Kolisi’s Sharks move is multi-faceted

Siya Kolisi’s move to the Sharks would represent an interesting ‘fresh start’ for the Springbok and Stormers captain, writes CRAIG LEWIS.

It increasingly looks as if it is just a matter of when – not if – Kolisi will make the move to the Durban-based side.

In early January, it was already known that there were talks around possibly negotiating an early release for Kolisi to be able to move to the Sharks sooner rather than later.

READ: Kolisi coup a sign of things to come for Sharks

Although it has been reported that a hefty buy-out fee has already been agreed between Western Province and the Sharks, CEO Eduard Coetzee told SARugbymag.co.za on Tuesday that there were would be no payment of a so-called ‘transfer fee’.

It may be a matter of semantics, and the exact timing of the move remains to be seen, but with talks well under way there is no doubt that this is set to be a decisive career move for Kolisi.

As it is, the last 16 months since the 2019 World Cup final have been anything but straightforward.

Effectively as the face of the Springboks’ stunning victory in Japan, Kolisi was thrust into another stratosphere of sporting fame, headlined by his signing as the first rugby player to join powerhouse agency Roc Nation Sports.

To put it mildly, he has been in remarkably high demand as his commercial and ‘off-field’ responsibilities and opportunities have increased ten-fold following the World Cup success.

Beyond various appearances – from popping up on a DStv advert to visiting his beloved Liverpool’s iconic home ground, Anfield – Kolisi has had to juggle a number of ‘extra-mural’ activities.

Also, determined to use his platform for good, Kolisi has conducted meaningful work to aid those in need during the pandemic, while launching a project to build rugby fields in various townships.

It’s been a lot, and all the aforementioned outside responsibilities probably only just scratch the surface.

And then there has the been the challenge of suffering a serious knee injury at the start of the regular 2020 Super Rugby season, while Kolisi struggled to find any consistency in a stop-start domestic season that recently concluded with the Vodacom Bulls claiming the Currie Cup.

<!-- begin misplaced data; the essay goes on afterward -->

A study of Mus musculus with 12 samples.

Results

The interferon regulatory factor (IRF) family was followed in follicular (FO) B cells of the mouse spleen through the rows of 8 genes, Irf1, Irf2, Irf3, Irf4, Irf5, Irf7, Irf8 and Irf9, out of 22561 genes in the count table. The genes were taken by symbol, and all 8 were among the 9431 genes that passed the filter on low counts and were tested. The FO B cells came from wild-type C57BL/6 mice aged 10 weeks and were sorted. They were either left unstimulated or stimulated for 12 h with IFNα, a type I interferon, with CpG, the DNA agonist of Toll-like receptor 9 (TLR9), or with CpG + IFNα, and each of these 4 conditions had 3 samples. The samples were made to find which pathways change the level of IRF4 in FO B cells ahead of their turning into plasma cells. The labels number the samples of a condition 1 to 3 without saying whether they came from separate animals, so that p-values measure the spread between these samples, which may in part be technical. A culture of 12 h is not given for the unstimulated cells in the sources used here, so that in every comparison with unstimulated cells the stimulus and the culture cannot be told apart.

‘For me, personally, transitioning back on the field hasn’t been easy, we’ve carried over a lot of feeling and uncertainty from 2020,’ Kolisi admitted this week in an interview with Red Bull.

‘The last game at Newlands was supposed to be a big, special game and we were supposed to deliver. We obviously wanted to achieve so much more.

‘It’s been tough, but now I’m looking to start fresh. It’s a whole new year. It has to start first in your mind, and you’ve got to tell yourself, “Whatever has gone in the past, it is gone, it is done. I’m focusing on something new”, and find other ways of getting yourself up.’

For Kolisi, ‘something new’ is set to come in the form of a remarkable move to the Sharks after more than a decade-long association with Western Province rugby.

He’s admitted that he is a player that needs consistency in play, and it’s of utmost importance that he is able to settle into his stride, and to start contributing on the field as much as anywhere else.

Even in the immediate months that followed the Boks’ World Cup triumph, and the fanfare that followed, it’s no secret that the Springboks’ upper hierarchy were mindful of the escalating responsibilities that pulled Kolisi in various directions.

Even back then there was a recognition that there may need to be a recalibration of sorts to once again ‘let the main thing stay the main thing’, to quote Rassie Erasmus’ World Cup mantra.

As the Boks continue to prepare for a return to international action, the Bok coaches will desperately want Kolisi to be settled and starting to rediscover his best form.

The value of consistent, focused game time was seen at the World Cup itself, after all, with Kolisi returning from serious injury just before the showpiece event. And, as each game passed, he became more and more confident. By the time the playoffs arrived, the flank was one of the Boks’ most influential players.

‘I need to be playing game in, game out to find my flow and really hit my best, and that is absolutely the ambition,’ Kolisi just recently stated.

And, in that regard, the sooner he can settle in at the Sharks would surely be better in order to allow for the main thing to stay the main thing once again.